There is a sad thread in the Poets & Writers Speakeasy labeled “Encouraging" Rejections? I am naturally drawn to sadness so I like to read it. Maybe it's the quotation marks that get me. Or the question mark. One thing is for sure – sometimes it's hard to tell if a rejection is also encouragement to resubmit, or if the lit mag is Just Not That Into You.
For example, Crazyhorse:
We are sorry this particular manuscript (with emphasis on "this particular") was not selected for publication in Crazyhorse. We hope you will send us another soon, though.
Could they mean? Do they? But then…
We could not publish Crazyhorse without the fine writing we receive.
Meaning the editors didn’t notice anything especially fine about my writing in particular, they simply need “writing.”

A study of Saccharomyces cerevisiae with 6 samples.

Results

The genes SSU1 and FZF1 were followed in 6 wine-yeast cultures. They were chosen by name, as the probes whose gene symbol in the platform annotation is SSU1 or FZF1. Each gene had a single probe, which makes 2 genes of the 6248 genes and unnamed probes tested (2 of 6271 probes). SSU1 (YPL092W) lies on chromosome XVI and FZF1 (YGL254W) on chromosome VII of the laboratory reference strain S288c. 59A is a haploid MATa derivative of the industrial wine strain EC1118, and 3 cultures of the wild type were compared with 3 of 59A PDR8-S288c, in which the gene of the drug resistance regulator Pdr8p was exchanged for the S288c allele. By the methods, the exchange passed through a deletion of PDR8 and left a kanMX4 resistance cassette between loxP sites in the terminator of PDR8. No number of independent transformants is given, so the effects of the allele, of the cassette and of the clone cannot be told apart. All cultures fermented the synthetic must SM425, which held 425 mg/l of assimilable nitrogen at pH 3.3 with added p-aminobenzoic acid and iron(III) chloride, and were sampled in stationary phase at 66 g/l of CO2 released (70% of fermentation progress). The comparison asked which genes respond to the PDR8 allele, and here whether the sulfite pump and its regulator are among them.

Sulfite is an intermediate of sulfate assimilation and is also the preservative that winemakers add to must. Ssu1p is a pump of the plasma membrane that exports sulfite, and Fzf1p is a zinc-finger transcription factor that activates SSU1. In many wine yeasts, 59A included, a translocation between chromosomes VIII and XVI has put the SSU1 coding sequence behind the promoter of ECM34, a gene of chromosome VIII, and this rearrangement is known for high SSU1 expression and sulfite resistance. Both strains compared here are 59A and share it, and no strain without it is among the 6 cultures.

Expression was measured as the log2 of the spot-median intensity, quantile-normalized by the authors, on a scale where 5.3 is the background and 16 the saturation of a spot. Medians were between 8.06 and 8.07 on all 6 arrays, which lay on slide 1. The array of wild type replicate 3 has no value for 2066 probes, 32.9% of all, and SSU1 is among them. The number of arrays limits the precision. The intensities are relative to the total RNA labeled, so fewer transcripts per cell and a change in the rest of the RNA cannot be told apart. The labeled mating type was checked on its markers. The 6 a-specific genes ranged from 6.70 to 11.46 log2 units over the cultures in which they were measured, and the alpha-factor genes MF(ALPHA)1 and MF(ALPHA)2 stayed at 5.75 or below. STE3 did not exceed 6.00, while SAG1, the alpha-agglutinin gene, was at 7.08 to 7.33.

C. Michael Curtis, long-standing fiction editor of The Atlantic Monthly, has a great essay How to Read Rejection. Among topics such as why-cutsey-cover-letters-brand-you-amateur, he discusses how editors must sacrifice kid gloves for the sake of clarity, because there’s deluded psychos out there. The Atlantic Monthly apparently had to stop typesetting their rejection letters in italics, because people read too much into it.
Curtis confirms that encouraging rejections are legit. Traditionally, these have manifested as a handwritten postscript. Now there’s this new trend, the encouraging rejection form letter. The Speakeasy Forum has determined AGNI sends these. Maybe this development has to do with the oft-discussed “MFA proliferation,” meaning there’s more work circulating that shows promise, but isn't quite seasoned. At Cutbank. we debated adding the "try us again" form letter to our repertoire. Having read for a lit mag I can vouch there is a huge difference between the "no way" and the "not bad" pile. Although it seems to me if you can’t be bothered to write a short note, then the work can’t have been that compelling.
Last week I received two encouraging rejections, one Xeroxed and one handwritten. My gut reaction to the form letter was that I would submit the same piece somewhere else, but not resubmit a different story to that lit mag. The handwritten, of course, will recieve another story stat.